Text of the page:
Opinion » Editorial


Change to look forward to



Not everything that is faced can be changed, but nothing can be changed until it is faced....James Arthur Baldwin

We must adjust to changing times and still hold to unchanging principles...James Earl "Jimmy" Carter Jr.


It happens to all of us.

Sometimes we go out and seek it. Other times its shimmering veil simply parts and it is upon us.

Arriving in the editor's chair at the Pique is, perhaps, a bit of both.

I was seeking a change, a new challenge, a way to continue my love affair with reporting and be close to my family.

With the 2010 Olympic Games over I had been commuting to Vancouver where I worked as a reporter for The Province newspaper - a job I held for over 20 years.

So when the discussions began around my coming back to the Pique - to which I have contributed for over a decade - it seemed the fortunes of change were with me.

But filling Bob's shoes - well, that's just not possible is it? And I can still hear Kathy's voice if I listen - pushing for the best, challenging everyone to make the Pique relevant, but not at all costs. Rather with integrity and an understanding that we are all in this together.

Her death, in a senseless traffic accident while vacationing, left a void to be sure, but her lessons live on.


Looking out from my change you can see it everywhere. Whistler is changing. The resort continues to adapt to malleable market forces. With the Canadian dollar pretty well on par with the US dollar the competition for those last minute bookings is even fiercer. How much do you cut prices before the brand itself is compromised? And with competition for marketing dollars continuing the quest to leverage the 2010 Olympic Games becomes a complicated two-step.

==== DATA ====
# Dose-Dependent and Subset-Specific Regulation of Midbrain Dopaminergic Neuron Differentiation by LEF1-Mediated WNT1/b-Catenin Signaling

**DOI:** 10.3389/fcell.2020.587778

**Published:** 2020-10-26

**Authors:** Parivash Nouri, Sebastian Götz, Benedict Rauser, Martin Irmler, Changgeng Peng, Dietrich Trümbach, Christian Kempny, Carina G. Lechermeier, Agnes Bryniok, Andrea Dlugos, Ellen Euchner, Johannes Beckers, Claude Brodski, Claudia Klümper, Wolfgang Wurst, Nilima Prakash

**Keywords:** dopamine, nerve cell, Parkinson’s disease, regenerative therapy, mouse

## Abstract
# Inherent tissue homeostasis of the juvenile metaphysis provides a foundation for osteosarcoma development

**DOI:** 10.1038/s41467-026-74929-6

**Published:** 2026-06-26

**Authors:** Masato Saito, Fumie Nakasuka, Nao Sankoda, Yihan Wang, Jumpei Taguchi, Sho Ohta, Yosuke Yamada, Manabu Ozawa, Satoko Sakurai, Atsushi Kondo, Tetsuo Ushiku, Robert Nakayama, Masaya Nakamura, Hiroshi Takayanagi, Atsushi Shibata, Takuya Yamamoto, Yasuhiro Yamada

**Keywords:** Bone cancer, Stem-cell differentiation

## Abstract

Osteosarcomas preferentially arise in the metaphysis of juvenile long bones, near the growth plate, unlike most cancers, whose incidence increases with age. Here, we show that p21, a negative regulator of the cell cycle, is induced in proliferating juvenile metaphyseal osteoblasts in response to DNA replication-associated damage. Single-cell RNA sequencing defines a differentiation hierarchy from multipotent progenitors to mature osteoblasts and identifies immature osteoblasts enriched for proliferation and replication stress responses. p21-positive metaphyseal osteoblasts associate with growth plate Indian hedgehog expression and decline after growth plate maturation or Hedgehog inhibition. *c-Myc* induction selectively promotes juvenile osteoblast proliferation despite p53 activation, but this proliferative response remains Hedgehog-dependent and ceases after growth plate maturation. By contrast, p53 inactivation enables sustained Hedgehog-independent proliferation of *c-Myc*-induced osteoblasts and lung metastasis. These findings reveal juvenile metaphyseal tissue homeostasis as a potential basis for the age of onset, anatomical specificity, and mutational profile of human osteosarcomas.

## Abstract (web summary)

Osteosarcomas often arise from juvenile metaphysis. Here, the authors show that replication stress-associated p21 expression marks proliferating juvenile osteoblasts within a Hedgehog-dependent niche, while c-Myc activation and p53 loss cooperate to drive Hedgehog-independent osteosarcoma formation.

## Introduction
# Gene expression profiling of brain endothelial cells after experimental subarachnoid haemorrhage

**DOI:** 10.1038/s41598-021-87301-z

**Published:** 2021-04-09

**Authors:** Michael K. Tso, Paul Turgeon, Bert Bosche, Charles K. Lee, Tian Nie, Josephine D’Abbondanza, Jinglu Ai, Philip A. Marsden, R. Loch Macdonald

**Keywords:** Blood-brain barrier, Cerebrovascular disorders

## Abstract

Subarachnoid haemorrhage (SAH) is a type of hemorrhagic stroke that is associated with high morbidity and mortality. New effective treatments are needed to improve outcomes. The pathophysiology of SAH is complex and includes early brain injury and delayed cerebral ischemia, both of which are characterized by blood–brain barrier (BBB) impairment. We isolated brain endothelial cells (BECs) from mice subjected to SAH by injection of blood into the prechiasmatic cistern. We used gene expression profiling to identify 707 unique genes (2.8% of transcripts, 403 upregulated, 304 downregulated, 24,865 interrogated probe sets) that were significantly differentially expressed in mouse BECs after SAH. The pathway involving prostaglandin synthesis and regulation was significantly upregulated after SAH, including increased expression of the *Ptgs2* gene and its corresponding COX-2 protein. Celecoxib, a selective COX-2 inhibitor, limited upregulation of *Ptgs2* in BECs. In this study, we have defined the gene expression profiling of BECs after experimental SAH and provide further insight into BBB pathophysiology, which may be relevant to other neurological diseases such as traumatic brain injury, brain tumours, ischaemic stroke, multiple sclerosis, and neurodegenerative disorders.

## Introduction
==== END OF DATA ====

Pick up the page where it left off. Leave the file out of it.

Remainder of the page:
According to the Canadian Tourism Commission there were year-to-date increases in overnight trips registered across all CTC key markets except Mexico; travellers made 2.4 million trips to Canada in August alone, a two per cent increase over the same month in 2009. CTC-Asia Pacific and emerging markets all posted double-digit gains in August, with the strongest growth seen in Brazil (38.7 per cent), China (38 per cent) and India (35 per cent). For the first time since January 2005, there was an increase in overnight air travel to Canada from all of CTC's core markets.

But US visitors are still way down from the beginning of the decade according to the Tourism Industry Association of Canada.

Change is coming to British Columbia as well. Never a province to be the wallflower at the political ball, residents will not only have a new premier, but also a new leader of the opposition within three months.

This change may seem at arms length to Whistlerites, but it is noteworthy as it's an event unseen for more than 100 years.

It comes at a time when Whistler itself and its residents are taking stock.

According to a recent email I received a number of residents are part of Whistler's newly established Coalition of Concerned Citizens.

Its "...goal is to work together to hold our Municipality accountable, expose waste and acknowledge positive initiatives," states the email.

The Coalition is currently seeking the adoption of a bylaw for mail-in ballots for the next local election this November.

It is not a group interested in putting the voice of individuals forward but rather it seems to be seeking a community consensus of what is needed to help foster growth. At the risk of sounding tired, it's a "Yes we can" attitude - something that felt like the norm leading up to the 2010 Games.

It is likely that Whistler's lawmakers are in for a shake-up. Generally speaking only about 35 per cent of voters turnout to cast their ballot. In the last municipal elections turnout in Whistler was lower than Squamish or Pemberton. Some elected officials in Vancouver and Surrey are exploring the possibility of moving to online voting to boost the numbers.

But will that really boost numbers? The issue here is really that interest in municipal issue needs a boost.

That's a change worth working toward.